Two separate business [emphasis added for wtf effect] articles, published in March and April of this year, highlight the power of apology and what happens when people don’t apologize or apologize incorrectly (yes, there is a proper way to apologize). The articles focus on recent business and political scandals — like the AIG bonuses and President Obama’s recent apology to Europe for mistakes made by the previous presidential administration, and what the results were of the apology given: good apology (sincere apology) or not.
Not only do the articles show what can happen when we don’t apologize, they show the tremendous social and economical benefits of an apology done correctly.
Time writer Nancy Gibbs, gets it when it comes to why apologies don’t work sometimes. She writes this about public apologies in her article “The Lost Art of Saying I’m Sorry.”
Public apologies now play like vaudeville: the extravagant remorse of disgraced televangelists, the snarled ‘I’m sorry’ of celebrities who exude regret at being caught rather than being wrong, the artful admissions of politicians who want credit for their confessions without any actual cost. We’ve learned to peel them apart with tweezers, find the insincerity and self-interest: If I caused any offense (you thin-skinned morons), I regret it. And so apologies are drained of their healing powers.
Beverly Engle author of the book, The Power of Apology writes, “If your apology does not come sincerely, it will not feel meaningful to the other person.” She concludes with, “apologies that are used as manipulations or mere social gestures” such as apologies given because someone else tells you it’s the right thing to do or because the other person is expecting it or because it will get you what you want, “will come across as empty and meaningless.”
Peter Bregman, in the his article “I Want You to Apologize“, writes that the number one thing a doctor could have done to prevent a medical lawsuit was issue an explanation and an apology to the person suing. In the article, Bergman also lists the top five reasons why people pursue malpractice suits. Each reason is a complaint that could’ve easily been solved with an empathetic acknowledgment of responsibility by the party involved. This article and the Times article both express that states with medical “apology laws” (laws that allow physicians to apologize when things go wrong without having to fear that their words will be used against them in court) have seen a decrease in medical malpractice lawsuits.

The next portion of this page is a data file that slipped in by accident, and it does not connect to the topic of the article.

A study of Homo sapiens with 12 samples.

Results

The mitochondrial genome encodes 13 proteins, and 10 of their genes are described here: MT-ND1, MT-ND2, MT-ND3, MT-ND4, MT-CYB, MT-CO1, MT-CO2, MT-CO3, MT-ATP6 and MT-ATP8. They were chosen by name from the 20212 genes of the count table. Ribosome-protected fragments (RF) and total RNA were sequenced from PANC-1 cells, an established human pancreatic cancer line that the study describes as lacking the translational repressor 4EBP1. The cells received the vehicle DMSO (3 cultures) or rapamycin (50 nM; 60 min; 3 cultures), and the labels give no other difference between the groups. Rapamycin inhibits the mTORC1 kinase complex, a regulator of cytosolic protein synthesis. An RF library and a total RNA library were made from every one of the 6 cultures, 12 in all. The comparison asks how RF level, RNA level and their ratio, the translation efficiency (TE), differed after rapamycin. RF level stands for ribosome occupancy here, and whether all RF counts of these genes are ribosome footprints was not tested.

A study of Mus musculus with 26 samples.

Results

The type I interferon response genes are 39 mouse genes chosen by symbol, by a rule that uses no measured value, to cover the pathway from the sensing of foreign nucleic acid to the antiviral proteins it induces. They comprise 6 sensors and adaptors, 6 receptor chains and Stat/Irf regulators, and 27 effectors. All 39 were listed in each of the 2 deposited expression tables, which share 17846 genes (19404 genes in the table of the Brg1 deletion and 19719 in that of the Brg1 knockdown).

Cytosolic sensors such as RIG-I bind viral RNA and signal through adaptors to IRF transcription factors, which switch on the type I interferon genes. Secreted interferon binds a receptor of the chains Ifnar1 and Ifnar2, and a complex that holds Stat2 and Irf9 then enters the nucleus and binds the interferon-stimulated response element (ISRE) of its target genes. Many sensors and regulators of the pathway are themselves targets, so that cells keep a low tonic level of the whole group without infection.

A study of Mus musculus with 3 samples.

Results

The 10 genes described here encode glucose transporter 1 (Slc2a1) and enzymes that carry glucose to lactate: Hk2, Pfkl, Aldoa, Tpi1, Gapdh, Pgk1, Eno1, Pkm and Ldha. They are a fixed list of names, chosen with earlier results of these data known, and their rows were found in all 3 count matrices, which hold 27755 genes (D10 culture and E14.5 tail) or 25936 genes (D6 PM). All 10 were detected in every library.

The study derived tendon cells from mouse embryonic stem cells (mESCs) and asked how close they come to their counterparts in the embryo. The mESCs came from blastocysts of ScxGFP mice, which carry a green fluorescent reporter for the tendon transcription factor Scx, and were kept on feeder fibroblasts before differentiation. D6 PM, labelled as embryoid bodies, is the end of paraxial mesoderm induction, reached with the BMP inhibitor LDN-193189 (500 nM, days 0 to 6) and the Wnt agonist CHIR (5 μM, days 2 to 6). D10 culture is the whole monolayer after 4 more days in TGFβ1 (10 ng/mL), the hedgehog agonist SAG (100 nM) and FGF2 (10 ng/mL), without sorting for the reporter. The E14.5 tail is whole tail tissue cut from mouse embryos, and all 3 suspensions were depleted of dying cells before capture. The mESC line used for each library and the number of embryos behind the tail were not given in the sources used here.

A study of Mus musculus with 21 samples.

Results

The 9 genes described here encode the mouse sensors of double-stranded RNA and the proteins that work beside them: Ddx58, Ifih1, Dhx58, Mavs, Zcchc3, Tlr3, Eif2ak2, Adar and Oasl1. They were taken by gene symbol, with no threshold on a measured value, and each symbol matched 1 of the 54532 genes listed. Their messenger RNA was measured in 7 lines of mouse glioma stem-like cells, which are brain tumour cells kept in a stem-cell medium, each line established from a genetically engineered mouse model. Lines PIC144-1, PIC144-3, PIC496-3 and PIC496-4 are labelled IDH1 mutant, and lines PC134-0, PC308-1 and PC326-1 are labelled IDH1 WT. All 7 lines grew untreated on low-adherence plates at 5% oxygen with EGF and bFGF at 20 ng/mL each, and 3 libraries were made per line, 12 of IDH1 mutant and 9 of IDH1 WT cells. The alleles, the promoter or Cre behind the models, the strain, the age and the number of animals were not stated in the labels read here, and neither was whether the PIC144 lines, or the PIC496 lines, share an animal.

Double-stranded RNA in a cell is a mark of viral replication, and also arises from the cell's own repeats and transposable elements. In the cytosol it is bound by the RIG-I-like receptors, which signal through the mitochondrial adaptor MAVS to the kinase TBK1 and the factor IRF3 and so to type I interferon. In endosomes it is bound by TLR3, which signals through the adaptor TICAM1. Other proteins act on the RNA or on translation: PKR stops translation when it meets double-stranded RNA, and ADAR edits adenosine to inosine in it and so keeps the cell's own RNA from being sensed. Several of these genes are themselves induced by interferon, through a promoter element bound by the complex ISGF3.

According to Engle, some of the benefits of apologizing are, immediate commencement of emotional healing by the person wronged, an immediate sense of relief from knowing the “wrongdoer” is no longer a personal threat, and the person wronged is now prevented from being stuck in the past and can begin to move past their anger. And for the “wrongdoer,” apologizing can help the doer rid themselves of “esteem-robbing self-reproach and guilt” and help the doer remain “emotionally connected” to friends and loved ones.
So now that we know the benefits, the question remains, “How does one apologize correctly?”
If you do an Internet search for the term, “how to apologize,” you’ll receive at least 13 million results. And some even have detailed instructions on how to apologize, when to stop apologizing, and how to apologize to women. Engler however, writes that there are three R’s to creating a meaningful apology.
A meaningful apology must have:
A statement of regret for having caused the hurt or damage
An acceptance of responsibility for the actions, and
A statement of willingness to remedy the situation
Engler further states that if an apology does not contain these elements, a person will feel something is missing and may end up feeling “shortchanged.” For more on the power of apology, read Engler’s article on the subject on the Psychology Today website.
And this concludes Apologies 101. So what say you? Ready to apologize now?